A new round of peace talks is set to begin Monday for Syria’s warring parties.
The second round of talks will have the Syrian government and the opposition engage engage for the first time in tangible discourse.
The negotiations which will be mediated by the United Nations in Geneva seek to find a lasting solution to end conflict that has engulfed the Arab country.
Meanwhile the United States and France have accused the Syrian government of trying to sabotage the talks after the country’s foreign minister Walid al-Moualem said they will not discuss presidential elections at the talks in Geneva.
US Secretary of State John Kerry said the government is “trying to disrupt the process” and stated that prerequisites could damper the talks before they even start.
Ahead of the talks, Al-Moualem heaped criticism on the UN envoy Staffan de Mistura for saying presidential elections would take place in less than two years.
“Neither he (UN Special Envoy Staffan De Mistura) nor anybody else has the right to talk about presidential elections. The elections are an exclusive right for the Syrian people. So what De Mistura said opposes all UN documents that the dialogue, which is to happen, is based on,” Al-Moualem said.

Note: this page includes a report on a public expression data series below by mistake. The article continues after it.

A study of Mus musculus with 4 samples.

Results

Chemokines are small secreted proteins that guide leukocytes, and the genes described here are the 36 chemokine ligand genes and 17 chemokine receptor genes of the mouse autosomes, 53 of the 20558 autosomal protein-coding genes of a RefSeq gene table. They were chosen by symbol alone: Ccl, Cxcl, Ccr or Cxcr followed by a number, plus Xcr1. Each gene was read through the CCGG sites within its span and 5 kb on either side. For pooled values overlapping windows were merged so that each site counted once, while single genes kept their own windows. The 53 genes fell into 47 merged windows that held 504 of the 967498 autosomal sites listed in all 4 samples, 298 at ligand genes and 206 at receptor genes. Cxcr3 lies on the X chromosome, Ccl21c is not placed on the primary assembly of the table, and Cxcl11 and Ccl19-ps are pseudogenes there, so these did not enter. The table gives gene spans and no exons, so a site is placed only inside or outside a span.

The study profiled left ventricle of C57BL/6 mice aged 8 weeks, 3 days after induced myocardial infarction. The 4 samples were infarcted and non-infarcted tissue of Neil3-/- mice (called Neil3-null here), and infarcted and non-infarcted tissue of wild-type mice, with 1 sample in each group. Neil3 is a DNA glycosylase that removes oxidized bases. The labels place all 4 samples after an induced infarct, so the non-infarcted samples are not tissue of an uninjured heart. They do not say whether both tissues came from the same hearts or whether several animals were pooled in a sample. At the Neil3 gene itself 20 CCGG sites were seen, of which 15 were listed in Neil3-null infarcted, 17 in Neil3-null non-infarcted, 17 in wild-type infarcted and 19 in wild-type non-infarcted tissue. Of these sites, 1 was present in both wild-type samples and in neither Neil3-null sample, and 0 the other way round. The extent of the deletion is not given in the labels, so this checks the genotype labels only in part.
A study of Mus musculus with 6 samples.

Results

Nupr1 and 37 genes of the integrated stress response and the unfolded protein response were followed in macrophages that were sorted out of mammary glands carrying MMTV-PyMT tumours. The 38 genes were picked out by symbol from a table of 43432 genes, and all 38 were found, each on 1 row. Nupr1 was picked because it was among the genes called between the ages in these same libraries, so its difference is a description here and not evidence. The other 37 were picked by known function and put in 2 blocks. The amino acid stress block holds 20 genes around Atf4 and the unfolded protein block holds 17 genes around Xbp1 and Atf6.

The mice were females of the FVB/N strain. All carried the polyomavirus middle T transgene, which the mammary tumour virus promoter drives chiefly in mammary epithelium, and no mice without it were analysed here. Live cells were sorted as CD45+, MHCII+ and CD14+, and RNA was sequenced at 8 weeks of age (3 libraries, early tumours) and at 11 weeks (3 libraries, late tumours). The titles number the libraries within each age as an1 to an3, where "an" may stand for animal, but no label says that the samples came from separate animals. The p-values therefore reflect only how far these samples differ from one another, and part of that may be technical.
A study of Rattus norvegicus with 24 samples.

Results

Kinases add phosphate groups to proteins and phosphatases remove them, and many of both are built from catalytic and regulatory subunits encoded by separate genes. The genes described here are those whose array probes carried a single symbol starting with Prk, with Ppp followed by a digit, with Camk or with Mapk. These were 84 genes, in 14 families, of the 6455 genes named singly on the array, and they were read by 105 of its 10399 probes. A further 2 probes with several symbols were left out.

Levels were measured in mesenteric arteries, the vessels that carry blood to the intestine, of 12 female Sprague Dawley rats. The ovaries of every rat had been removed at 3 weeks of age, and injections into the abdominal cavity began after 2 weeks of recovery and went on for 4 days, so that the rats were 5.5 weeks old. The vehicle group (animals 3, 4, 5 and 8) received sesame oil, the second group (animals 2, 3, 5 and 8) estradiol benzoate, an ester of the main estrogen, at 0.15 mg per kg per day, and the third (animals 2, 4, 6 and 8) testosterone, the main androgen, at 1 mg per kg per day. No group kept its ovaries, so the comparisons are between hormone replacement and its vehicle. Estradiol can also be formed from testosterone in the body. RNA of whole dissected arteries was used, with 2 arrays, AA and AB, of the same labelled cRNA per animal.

The main Syrian opposition umbrella group is pushing for an interim government in which President Bashar al-Assad and the current regime have no role.
“The number of violations by the regime exceeded 350 during the past 14 days. All this proves that the regime violated the truce in a way that can’t be called violations, but non-commitment,” said Mohamad Alloush, the lead opposition negotiator.
A ceasefire deal has cut violence for the past two weeks but both sides claim violations by the other.
The ceasefire is aimed at facilitating a reconciliation between the Syrian government and moderate rebel forces.
The UN-led talks will coincide with the fifth anniversary of Syria’s war.
More than 250,000 people have died since conflict erupted in Syria and millions have fled the country.